In the great circle of life, the new Grand Banks 53 Aleutian Raised Pilothouse (RP) completes a loop for me. You see, a couple of decades ago an eager youngster who spent his days sketching and dreaming about boats rather than catching frogs or tormenting girls wrote me a letter. He wanted to know how to become a real boat designer, not just a doodling dilettante. I responded with a few bits of advice regarding education and career paths and promptly forgot about him, until, that is, I ran across him working as a junior designer on the staff of Tom Fexas a number of years later. He also authored, in response to one of my articles, a lovely letter to Yachting on design that eventually found its way into one of our 100th anniversary issues in 2007 as one of the best letters to the editor. Imagine my surprise when that same kid, Earl Alfaro, all grown up, greeted me as I boarded his latest creation. Earl is now Grand Banks’ staff designer, the 53 Aleutian RP is his baby, and like any proud papa, he couldn’t wait to show her off.
We shoved off from the dock at Fort Lauderdale’s 15th Street Fisheries and headed toward the Port Everglades inlet, with the role reversal of Earl informing and me listening. It was obvious he was dedicated and knowledgeable about his chosen profession, but there was more. The intervening years had not diminished his passion for boats one bit. He still had that “fire in the belly” that Fexas himself once cited as the single most important requirement for a designer, and the results showed in his work on this capable cruiser.
The Grand Banks 53 RP is part of the builder’s Aleutian line and shares both appearance and functionality with her bigger sisters — five models from 59 to 76 feet — which are intended for long-range cruising but which also offer a good turn of speed when needed. In many ways, it is easier to design a big boat than a 53-footer. The height of a raised pilothouse profile is generally more suited to a longer boat, and with extra length comes a better length-to-beam ratio, inevitably making for easier and more economical running, at least on a horsepower-per-pound basis. The balance between working spaces and accommodation spaces becomes more critical, and it’s sometimes difficult to keep the shorter incarnation of an existing boat from taking on a stubby “Little Toot” appearance. In short, Earl had his work cut out for him, but in my opinion, he has succeeded marvelously.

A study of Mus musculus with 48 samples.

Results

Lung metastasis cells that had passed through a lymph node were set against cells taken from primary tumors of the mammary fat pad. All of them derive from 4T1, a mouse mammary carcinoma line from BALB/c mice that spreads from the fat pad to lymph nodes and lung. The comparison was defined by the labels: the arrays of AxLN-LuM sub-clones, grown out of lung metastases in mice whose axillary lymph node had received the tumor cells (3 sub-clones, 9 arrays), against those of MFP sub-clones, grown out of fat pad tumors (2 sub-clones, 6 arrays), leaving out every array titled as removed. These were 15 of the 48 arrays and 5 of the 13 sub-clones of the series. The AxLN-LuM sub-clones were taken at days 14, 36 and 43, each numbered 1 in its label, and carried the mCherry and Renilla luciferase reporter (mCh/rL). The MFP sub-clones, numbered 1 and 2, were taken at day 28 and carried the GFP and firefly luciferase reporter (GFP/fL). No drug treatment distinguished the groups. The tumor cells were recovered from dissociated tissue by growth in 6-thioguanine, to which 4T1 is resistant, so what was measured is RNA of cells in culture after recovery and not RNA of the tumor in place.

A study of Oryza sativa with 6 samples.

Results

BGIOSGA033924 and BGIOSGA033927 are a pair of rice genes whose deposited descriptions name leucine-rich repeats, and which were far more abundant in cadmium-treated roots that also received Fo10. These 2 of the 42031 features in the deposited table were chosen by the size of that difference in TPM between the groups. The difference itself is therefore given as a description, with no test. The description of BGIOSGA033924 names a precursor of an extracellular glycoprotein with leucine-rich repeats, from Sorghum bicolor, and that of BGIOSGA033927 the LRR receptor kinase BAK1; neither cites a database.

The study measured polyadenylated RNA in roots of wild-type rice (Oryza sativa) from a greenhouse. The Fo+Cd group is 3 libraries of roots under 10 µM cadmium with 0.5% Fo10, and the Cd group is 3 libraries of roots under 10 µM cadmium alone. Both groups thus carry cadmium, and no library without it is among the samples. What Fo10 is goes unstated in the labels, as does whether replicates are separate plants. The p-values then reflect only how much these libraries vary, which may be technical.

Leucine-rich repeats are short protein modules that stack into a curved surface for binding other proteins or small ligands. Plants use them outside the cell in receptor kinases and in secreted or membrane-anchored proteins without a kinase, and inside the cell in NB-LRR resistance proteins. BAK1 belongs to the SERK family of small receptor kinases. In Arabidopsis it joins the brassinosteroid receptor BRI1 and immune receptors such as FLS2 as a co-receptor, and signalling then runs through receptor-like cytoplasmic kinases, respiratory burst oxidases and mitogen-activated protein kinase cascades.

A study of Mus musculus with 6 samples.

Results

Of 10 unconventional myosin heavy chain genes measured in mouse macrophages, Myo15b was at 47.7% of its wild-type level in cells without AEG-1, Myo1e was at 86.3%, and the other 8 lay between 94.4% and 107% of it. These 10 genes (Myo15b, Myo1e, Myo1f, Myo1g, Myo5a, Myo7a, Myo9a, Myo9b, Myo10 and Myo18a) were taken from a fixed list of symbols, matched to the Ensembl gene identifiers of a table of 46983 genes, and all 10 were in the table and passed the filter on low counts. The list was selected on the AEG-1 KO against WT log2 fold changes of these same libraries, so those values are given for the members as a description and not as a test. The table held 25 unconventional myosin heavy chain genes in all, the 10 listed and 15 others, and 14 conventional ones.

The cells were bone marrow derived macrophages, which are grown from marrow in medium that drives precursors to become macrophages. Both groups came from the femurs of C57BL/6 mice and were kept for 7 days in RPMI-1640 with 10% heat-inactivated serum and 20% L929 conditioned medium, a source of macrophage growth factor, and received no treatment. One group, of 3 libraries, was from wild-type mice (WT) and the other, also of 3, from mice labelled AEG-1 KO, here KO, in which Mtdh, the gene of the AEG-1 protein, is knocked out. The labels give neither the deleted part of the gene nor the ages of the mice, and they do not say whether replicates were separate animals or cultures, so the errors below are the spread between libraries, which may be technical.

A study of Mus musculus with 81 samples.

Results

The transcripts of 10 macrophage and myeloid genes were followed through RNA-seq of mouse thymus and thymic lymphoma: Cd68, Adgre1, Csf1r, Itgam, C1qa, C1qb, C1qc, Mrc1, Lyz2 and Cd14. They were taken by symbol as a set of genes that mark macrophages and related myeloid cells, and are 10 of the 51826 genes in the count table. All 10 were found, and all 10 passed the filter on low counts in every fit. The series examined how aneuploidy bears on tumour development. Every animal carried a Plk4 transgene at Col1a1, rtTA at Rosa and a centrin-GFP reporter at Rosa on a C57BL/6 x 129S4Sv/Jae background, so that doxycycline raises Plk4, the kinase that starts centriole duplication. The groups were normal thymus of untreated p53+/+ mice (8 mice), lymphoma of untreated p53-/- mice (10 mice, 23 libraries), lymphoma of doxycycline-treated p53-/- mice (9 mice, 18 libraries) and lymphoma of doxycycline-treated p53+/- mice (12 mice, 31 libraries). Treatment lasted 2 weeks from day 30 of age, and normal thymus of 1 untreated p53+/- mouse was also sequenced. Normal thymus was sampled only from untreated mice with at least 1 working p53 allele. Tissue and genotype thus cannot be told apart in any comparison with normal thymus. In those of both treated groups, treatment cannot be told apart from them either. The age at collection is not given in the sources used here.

The weather offshore on the day of our sea trial wasn’t bad, but it still showed the remnants of a front that had cleared the area just the day before. Seas were running generally two feet, sometimes three, but were very confused, so it wasn’t a matter of picking a comfortable heading and sticking to it. Instead, we took it on, come what may, northbound first to get our speed numbers, then southbound to check the effect of the Gulf Stream’s often-substantial current. In a way, we mimicked what would be required on a typical passage, and the yacht delivered well. Pitch and roll were minimal, and her decks and windshields remained dry.
A look at the lines plan that Earl shared with me told the story. While the Grand Banks Aleutian series has a traditional, salty look, albeit with softer corners for a more updated style, the boats should never be mistaken for trawlers. The 53 RP tops out at just shy of 25 knots and does so without a hint of struggle, just a smooth ride from idle to wide open throttle. She has a moderate forefoot, neither as deep as a displacement vessel nor cut away as much as a sport boat. This yields a sharp entry that, with double chines her full length, keeps spray generation to a minimum. Flare in her topsides above the upper chine will further dampen spray and help lift the bow in truly heavy seas. Moving aft, the hull, with a solid laminate bottom and cored sides, rolls to a deadrise of 23.5 degrees amidships, then to a constant 17.5-degree angle for the aft third of her bottom, a perfect combination for her speed range. She has a moderate keel to keep her on track and to counteract any tendency toward broaching.